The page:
Dubai: VITAMIN D deficiency has become a worldwide problem. It is estimated that about one billion people have inadequate levels of vitamin D in their blood. All age groups are vulnerable to vitamin D deficiency, though children below five, women and people over 65 are at a much higher risk.
One primary reason for this deficiency is the lack of adequate exposure to sunlight and the fact that not enough foods contain sufficient amounts of vitamin D to meet the daily body requirements.
A minimum of 25-hydroxyvitamin D of 30 mg/ml, is required to maximize vitamin D’s beneficial effects for health.
Vitamin D deficiency Symptoms and Treatment
Professionals widely recognize vitamin D deficiency as a contributing factor for many diseases as it has a significant disease-fighting role. Vitamin D deficiency may lead towards an increased chance of developing osteoporosis, rickets in children, osteomalacia among children and adults, cardiovascular diseases, type 1 diabetes, autoimmune diseases, hypertension, infectious diseases, dementia, and cancer, etc.
It is time we prepared diagnostic kits locally to reduce the cost of the test. Physicians must regularly prescribe this test, and we must ensure that we get sufficient exposure to sunlight, eat vitamin D-rich foods, including fish, cheese, beef liver, egg yolks, and dairy products.
The philanthropic bodies and healthcare professionals must create awareness about the importance of vitamin D. The understanding of the role of multivitamins needs to be further strengthened through research.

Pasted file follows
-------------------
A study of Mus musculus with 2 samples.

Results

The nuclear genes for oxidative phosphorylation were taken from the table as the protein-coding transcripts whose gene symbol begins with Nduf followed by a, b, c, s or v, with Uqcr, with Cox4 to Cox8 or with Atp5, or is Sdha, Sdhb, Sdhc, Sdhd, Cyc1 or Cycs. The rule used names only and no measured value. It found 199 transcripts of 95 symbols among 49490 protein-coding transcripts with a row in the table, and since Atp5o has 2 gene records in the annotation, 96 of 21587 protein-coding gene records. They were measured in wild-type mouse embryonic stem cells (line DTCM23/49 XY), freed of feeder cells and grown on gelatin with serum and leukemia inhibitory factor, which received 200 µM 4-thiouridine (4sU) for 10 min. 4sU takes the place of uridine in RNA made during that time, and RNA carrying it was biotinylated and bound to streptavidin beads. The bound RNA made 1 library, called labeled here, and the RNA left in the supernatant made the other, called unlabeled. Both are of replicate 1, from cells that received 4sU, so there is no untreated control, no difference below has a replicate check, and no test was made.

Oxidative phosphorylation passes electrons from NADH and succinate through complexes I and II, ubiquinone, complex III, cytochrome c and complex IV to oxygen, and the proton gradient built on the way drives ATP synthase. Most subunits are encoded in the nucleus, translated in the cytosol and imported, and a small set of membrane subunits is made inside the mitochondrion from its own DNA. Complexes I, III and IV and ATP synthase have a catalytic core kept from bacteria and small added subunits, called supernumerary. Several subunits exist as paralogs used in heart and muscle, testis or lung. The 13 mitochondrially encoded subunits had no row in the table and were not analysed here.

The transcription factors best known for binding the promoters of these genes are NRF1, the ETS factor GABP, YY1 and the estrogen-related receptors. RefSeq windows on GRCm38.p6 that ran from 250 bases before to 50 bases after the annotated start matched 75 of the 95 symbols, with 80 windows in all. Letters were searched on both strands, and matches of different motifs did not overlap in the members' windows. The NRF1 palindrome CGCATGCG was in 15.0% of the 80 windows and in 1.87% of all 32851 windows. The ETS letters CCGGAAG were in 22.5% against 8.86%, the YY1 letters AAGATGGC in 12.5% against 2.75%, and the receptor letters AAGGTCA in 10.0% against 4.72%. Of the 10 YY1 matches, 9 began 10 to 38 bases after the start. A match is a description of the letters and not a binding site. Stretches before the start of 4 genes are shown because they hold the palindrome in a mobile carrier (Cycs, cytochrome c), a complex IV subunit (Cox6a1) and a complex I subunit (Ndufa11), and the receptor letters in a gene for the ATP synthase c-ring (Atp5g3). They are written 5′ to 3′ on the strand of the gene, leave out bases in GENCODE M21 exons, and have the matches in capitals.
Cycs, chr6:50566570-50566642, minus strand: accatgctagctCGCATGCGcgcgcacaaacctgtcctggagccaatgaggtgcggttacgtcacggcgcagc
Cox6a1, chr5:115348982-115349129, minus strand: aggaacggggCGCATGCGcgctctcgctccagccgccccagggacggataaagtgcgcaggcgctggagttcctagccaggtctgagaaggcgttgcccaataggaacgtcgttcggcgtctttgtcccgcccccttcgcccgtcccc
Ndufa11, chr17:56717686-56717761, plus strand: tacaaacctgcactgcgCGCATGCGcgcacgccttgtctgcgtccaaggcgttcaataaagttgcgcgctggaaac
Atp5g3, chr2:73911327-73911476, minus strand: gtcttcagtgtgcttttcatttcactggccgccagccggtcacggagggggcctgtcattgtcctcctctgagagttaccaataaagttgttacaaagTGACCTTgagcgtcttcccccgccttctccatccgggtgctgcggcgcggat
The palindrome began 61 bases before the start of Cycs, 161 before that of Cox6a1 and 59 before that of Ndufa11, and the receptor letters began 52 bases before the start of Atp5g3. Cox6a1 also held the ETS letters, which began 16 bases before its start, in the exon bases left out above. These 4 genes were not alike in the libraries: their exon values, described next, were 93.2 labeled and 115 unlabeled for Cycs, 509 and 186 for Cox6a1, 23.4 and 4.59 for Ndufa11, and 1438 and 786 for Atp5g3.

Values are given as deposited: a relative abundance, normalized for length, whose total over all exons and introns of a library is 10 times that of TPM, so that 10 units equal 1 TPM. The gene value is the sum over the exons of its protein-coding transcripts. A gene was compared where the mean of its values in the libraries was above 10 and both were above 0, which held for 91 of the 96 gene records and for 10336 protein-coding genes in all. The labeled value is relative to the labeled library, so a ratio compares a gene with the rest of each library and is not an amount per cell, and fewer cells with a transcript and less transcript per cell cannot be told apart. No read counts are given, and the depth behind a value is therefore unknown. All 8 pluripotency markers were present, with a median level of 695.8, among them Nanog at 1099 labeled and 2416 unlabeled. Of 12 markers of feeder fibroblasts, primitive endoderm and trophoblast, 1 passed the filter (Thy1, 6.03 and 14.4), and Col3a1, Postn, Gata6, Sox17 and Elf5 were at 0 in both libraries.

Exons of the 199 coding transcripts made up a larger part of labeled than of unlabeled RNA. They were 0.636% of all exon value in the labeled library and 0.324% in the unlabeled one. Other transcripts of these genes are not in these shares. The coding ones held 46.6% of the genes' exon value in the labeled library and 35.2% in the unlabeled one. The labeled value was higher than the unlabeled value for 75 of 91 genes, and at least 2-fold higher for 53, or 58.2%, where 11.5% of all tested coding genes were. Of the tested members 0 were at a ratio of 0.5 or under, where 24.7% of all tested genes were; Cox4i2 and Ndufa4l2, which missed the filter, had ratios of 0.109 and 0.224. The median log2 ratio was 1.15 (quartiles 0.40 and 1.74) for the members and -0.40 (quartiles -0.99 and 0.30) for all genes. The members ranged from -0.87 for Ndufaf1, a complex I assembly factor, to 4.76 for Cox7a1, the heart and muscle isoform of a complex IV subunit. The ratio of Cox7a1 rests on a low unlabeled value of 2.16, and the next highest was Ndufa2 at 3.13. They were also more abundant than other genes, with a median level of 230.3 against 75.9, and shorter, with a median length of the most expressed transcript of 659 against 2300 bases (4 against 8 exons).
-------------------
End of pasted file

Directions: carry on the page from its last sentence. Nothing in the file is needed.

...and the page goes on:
Tripling the dose of vitamin D supplementation for babies does not make their bones any stronger by age two, according to a study in Finland published on Tuesday.
Vitamin D is essential because it helps the body absorb calcium. It is naturally produced when the skin is exposed to sunlight, but as many as 40 per cents of Europeans do not get enough of it, according to a 2016 study. Without sufficient Vitamin D, people are at risk of rickets, a weakened bone condition that may result in stunted growth and bowed legs.
Thinking that more vitamin D might be better for babies, researchers conducted a randomized clinical trial of 975 healthy infants in Finland, assigning some to receive the recommended daily dose of 400 international units (IU) of vitamin D and the rest to get 1,200 IU.